Gulf, Colorado & Santa Fe Ry. Co. v. Hefley - 158 U.S. 98 (1895)
U.S. Supreme Court
Gulf, Colorado & Santa Fe Ry. Co. v. Hefley, 158 U.S. 98 (1895)
Gulf, Colorado and Santa Fe Railway Company v. Hefley
Submitted April 4, 1895
Decided April 29, 1895
158 U.S. 98
The Texas statute of May 6, 1882, making it unlawful for a railroad company in that state to charge and collect a greater sum for transporting freight than is specified in the bill of lading, is, when applied to freight transported into the state from a place without it, in conflict with the provision in section 6 of the Interstate Commerce Act of February 4, 1887, c. 104, 24 Stat. 379, as amended by the Act of March 2, 1889, c. 382, 25 Stat. 855, that it shall be unlawful for such carrier to charge and collect a greater or less compensation for the transportation of the property than is specified in the published schedule of rates provided for by the act, and in force at the time, and, being thus in conflict, it is not applicable to interstate shipments.
When a state statute and a federal statute operate upon the same subject matter and prescribe different rules concerning it, and the federal statute is one within the competency of Congress to enact, the state statute must give way.
On May 6, 1882, the Legislature of the State of Texas passed the following act:
"SEC 1. Be it enacted by the legislature of the State of Texas that it shall be unlawful for any railroad company in this state, its officers, agents or employees, to charge and collect, or to endeavor to charge and collect, from the owner, agent or consignee of any freight, goods, wares and merchandise, of any kind or character whatever a greater sum for transporting said freight, goods, wares and merchandise than is specified in the bill of lading."
"SEC. 2. That any railroad company, its officers, agents, or employees having possession of any goods, wares and merchandise of any kind or character whatever shall deliver the same to the owner, his agent, or consignee upon payment of the freight charges as shown by the bill of lading."
"SEC. 3. That any railroad company, its officers, agents, or employees that shall refuse fuse to deliver to the owner, agent, or consignee any freight, goods, wares, and merchandise of any kind or character whatever upon the payment or tender of payment of the freight charges due as shown by the bill of lading, the said railroad company shall be liable in damages to the owner of said freight, goods, wares, or merchandise to an amount equal to the amount of the freight charges for every day said freight, goods, wares, and merchandise is held after payment or tender of payment of the charges due as shown by the bill of lading, to be recovered in any court of competent jurisdiction."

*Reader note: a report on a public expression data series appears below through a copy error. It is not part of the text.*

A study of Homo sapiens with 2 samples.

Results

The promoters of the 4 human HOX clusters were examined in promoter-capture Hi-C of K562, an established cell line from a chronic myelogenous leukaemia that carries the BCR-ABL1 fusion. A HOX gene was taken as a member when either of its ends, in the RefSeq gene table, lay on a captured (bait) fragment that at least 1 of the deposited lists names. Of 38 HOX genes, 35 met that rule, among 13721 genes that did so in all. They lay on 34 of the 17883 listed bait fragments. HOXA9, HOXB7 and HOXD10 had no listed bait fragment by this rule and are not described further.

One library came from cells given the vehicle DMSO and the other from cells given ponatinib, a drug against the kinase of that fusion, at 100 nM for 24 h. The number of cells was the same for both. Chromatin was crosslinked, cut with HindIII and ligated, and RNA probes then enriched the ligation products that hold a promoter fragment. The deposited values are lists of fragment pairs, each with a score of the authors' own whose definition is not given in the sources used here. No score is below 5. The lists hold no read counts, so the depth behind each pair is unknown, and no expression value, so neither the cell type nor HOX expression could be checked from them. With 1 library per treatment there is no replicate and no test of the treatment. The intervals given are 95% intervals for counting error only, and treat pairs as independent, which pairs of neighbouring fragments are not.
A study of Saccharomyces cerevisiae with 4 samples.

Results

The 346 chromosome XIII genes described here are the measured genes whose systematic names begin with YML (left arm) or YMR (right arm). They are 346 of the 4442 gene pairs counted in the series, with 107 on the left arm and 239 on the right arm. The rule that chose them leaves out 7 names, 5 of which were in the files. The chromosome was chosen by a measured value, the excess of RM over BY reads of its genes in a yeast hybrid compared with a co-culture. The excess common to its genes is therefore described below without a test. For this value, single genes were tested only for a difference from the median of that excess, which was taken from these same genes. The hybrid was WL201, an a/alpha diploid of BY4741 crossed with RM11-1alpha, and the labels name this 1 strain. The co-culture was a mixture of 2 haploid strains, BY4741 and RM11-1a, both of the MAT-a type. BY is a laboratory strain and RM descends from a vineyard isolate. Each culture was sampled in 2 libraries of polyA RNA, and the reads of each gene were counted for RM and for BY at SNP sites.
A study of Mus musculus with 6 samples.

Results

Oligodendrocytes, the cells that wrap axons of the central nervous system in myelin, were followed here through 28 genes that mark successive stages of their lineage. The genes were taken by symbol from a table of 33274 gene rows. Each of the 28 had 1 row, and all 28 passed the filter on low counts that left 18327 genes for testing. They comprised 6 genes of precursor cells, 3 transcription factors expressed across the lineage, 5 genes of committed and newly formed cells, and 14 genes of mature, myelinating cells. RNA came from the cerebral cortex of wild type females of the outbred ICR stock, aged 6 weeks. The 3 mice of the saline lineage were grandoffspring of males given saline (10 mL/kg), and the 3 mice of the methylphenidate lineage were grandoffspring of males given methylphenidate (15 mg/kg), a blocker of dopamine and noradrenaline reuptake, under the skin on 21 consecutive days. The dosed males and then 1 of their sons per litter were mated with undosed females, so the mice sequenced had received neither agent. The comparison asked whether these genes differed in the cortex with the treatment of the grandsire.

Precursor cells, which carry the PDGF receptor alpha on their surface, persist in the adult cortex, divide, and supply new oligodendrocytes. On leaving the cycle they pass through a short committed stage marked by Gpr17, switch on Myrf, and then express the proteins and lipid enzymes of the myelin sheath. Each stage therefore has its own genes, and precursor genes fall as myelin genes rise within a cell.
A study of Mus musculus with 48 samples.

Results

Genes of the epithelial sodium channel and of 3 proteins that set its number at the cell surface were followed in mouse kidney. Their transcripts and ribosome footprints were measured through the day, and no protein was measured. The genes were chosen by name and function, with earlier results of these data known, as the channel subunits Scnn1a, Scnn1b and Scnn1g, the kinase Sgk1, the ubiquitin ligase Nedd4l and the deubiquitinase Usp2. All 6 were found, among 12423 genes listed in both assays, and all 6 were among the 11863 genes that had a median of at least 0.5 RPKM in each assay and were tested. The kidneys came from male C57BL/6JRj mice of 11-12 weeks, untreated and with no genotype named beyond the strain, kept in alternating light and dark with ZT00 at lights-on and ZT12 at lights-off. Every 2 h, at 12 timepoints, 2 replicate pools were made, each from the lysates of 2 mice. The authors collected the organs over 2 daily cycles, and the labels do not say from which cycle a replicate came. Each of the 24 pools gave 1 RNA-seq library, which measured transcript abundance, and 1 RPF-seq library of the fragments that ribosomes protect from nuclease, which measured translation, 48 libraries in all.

Laws of Texas, extra session, 1882, c. 26, p. 35.
Under that act, the defendants in error commenced an action before a justice of the peace in the County of Milam to recover $82.80. After judgment, the case was appealed to the county court of the county. In that court, a trial was had, a jury being waived, which resulted in a judgment in favor of the plaintiffs and against the railway company for the full amount
claimed. That was the highest court in the state to which the case could be taken, and thereupon the defendant sued out this writ of error.
The facts appear in the findings made by the trial court, and are as follows: on August 4, 1890, Wolf and Kramer, a firm doing business in St. Louis, Missouri, shipped from that city a carload of furniture to the plaintiffs at Cameron, Texas. The shipment was by the St. Louis and San Francisco Railway Company, and the bill of lading issued by that company named 69 cents per 100 pounds as the rate. At this rate, the freight charges amounted to $82.80. On the arrival of the car at Cameron, the plaintiffs presented this bill of lading to the agent of the defendant company, together with $82.80, and demanded the furniture. The agent refused to deliver without payment of $100.80, that being the amount of charges due at the rate of 84 cents per 100 pounds. This was the rate named in the printed tariff sheet posted in the railroad office at Cameron. As a matter of fact, before the shipment at St. Louis, the rate had, by the companies, been reduced to 69 cents, but the new tariff sheet had not reached Cameron, and the agent was ignorant of the reduction. While declining to deliver the goods except upon payment at the rate named in his tariff sheet, he told the plaintiffs that he would telegraph for instructions. He did so, and was advised that the rate had been reduced, and to accept 69 cents, but the telegram was not received at once, and so the furniture was detained one full day. So far as appears, the St. Louis and San Francisco Railway Company was not only a different corporation from the defendant, but under separate management and control, though, as respects through shipments, acting under a joint tariff.